A nearly impossible mission for volunteers in Lebanon
01 August 2006
by Rania Abouzeid
Tyre, Lebanon: Issa Chaalan, haunted by a promise to a little girl that he has been unable to keep, has had trouble sleeping.
The 25-year old Red Cross volunteer from the southern Lebanon port city of Tyre promised Rayan Finjan that he would bring home the bodies of her father, mother and 15-year-old brother, killed when an Israeli missile hit the minivan they were travelling in.
"She was still sitting next to her dead father in the van when I reached her. She said, 'Uncle, see what the Israelis did, they killed my father and they're going to kill me,' " he says, choking up. "We were both crying."
Chaalan couldn't retrieve the remains then because he had to evacuate the wounded.
"I didn't even place a blanket over the bodies because the bombing was very close to us. I feel like I let them down."
He has volunteered to deliver food aid and medicine to Tibnin, about 12 miles southeast of Tyre, along roads torn apart by Israeli bombs. The route will take him near Haris, where the minivan carrying 21 members of the Finjan family was hit, and he plans to get the three bodies on the way back.
He wipes his brow as he heaves another body bag full of bread into the back of his ambulance.
"These bags come in handy for all sorts of things," Red Cross station chief Sami Yazbeck says as he watches young volunteers fill an ambulance with bread, sugar, powdered milk, canned food and medications donated by Beirut residents.
Bread has become scarce in southern Lebanon. Dwindling supplies have not been restocked, primarily because of the difficulty of travelling by road.
So it's been left to the Red Cross and other groups to make desperate dashes to deliver food and other necessities.
But in southern Lebanon, roads and anything on them are prime targets. Six Red Cross personnel, including Chaalan's older brother Qasim and another volunteer from Tyre, were wounded 23 July in the southern village of Qana when two ambulances were struck by Israeli missiles. The next day they were all back at work.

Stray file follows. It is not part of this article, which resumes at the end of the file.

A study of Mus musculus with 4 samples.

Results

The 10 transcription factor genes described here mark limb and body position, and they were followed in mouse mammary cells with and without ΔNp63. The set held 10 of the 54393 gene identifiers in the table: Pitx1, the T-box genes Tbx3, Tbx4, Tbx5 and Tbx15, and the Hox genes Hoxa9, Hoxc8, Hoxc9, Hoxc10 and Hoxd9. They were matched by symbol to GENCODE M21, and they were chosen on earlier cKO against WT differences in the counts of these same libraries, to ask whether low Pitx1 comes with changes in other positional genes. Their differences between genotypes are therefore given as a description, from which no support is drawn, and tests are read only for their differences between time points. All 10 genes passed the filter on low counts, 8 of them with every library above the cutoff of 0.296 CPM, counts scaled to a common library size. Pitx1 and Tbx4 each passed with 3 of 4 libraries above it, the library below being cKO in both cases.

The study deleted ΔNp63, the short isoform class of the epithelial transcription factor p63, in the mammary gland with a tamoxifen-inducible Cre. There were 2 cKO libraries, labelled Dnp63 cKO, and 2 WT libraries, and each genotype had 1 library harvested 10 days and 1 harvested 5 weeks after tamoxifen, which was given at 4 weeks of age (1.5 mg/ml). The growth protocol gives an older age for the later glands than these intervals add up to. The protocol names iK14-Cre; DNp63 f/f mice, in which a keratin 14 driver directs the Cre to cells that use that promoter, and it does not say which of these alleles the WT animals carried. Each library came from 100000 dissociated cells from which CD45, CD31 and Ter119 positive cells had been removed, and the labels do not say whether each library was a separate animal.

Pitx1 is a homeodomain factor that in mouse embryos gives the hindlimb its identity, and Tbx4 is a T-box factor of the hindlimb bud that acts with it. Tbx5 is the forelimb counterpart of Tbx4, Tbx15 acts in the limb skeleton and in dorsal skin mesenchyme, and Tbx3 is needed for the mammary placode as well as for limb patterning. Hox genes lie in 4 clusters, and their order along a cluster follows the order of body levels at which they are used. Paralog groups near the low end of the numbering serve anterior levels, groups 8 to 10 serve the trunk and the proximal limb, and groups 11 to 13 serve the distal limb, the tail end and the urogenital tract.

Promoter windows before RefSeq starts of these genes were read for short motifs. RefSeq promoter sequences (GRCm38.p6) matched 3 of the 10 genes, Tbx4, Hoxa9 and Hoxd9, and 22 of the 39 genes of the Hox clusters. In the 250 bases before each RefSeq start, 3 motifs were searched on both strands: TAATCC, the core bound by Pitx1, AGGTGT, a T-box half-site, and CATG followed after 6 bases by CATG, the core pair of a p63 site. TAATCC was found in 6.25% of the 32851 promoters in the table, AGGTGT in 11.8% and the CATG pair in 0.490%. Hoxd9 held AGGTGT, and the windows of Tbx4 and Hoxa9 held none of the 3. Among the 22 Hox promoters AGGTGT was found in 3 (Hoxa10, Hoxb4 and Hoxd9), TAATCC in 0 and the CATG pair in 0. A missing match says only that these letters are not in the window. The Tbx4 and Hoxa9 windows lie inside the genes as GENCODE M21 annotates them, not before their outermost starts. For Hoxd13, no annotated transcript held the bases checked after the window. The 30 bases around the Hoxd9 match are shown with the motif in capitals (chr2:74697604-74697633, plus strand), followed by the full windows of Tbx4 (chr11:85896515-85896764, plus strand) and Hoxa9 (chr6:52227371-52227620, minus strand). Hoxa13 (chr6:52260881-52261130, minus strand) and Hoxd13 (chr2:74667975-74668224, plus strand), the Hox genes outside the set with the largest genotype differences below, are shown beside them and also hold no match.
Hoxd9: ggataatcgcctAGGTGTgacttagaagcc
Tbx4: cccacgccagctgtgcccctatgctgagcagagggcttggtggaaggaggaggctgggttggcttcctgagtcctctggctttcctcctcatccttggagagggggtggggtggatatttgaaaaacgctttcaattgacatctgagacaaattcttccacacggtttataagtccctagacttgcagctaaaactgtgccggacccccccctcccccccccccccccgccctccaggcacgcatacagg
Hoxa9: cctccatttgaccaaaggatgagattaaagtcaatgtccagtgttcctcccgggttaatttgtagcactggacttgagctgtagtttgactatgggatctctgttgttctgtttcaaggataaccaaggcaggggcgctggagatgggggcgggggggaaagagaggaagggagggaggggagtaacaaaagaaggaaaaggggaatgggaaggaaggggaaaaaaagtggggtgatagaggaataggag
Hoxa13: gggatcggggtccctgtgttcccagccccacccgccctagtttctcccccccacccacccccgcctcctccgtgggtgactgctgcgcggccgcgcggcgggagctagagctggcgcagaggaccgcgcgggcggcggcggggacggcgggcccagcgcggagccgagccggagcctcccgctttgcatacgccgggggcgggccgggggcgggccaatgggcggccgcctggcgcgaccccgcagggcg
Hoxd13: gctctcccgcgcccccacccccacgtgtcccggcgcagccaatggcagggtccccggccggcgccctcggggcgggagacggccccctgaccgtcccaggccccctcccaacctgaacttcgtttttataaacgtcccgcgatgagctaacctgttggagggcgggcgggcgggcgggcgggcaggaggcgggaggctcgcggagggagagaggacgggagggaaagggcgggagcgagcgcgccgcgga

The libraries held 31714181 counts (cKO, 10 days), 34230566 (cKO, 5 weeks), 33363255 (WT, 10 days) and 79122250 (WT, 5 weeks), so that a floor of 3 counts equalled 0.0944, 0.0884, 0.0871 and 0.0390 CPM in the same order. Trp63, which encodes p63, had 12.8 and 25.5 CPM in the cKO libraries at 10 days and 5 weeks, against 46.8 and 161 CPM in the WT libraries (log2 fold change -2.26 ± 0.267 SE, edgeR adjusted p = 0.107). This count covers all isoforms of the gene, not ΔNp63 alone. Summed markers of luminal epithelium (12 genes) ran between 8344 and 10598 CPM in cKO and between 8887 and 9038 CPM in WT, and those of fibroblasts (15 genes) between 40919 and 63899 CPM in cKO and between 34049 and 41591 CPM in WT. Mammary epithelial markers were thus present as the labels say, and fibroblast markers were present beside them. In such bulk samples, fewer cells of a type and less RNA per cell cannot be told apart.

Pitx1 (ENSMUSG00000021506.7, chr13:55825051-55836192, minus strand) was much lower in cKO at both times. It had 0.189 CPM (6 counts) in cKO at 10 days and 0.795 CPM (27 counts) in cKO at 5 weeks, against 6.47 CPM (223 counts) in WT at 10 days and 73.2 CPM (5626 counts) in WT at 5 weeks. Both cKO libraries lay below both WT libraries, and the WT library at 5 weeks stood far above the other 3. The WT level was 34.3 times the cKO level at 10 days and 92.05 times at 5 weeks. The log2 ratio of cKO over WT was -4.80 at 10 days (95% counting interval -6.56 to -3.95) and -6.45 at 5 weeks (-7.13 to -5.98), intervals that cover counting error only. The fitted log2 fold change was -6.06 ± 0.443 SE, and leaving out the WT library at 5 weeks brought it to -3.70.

"There is no other group that can risk the roads, even though we were targeted," Yazbeck says. "Our region has been shut off."
This will be Issa Chaalan's third attempt to retrieve the remains of Rayan Finjan's relatives. He and two colleagues head off in their ambulance along almost impassable roads, negotiating craters yards wide. The buzz of Israeli jets and explosions near and far are a reminder of the danger.
Chaalan makes a quick stop at Hanawiya, and again farther south at Qana. Within minutes the three have dropped off a load of supplies.
"We have to take a different road," Chaalan yells as he scrambles into the ambulance in Qana. "They're shelling our route."
They continue along roads carpeted with debris, next to fields of flowering tobacco plants and olive groves. Half a dozen cars with white flags speed past in the opposite direction.
After an hour, the ambulance rolls into Tibnin's Red Cross post. The hillside near the two-storey cinderblock structure is on fire, ignited by a missile strike.
"This is the first time they strike so close to us," says Hussein Hammoud, a 17-year veteran with the Red Cross in Tibnin. "The people here need everything," he says.
About 1,500 people have sought refuge in Tibnin's main hospital next to the Red Cross centre. The power has been out for weeks, they've run out of water and food is scarce.
"We haven't received any help for a week. It's a miracle that they got here," Hammoud says, gesturing toward Chaalan and his colleagues, who were hovering near the ambulance. "If we're blocked in for any longer, based on our supplies, we can't go on for more than five days."
Hammoud is interrupted by a barrage of artillery fire. Chaalan runs in, looking forlorn. Because of a broken part, he says, the ambulance won't be going anywhere tonight.
It also means he can't pick up the Finjans' remains.
"I must get them out for that little girl. I have to help," he says.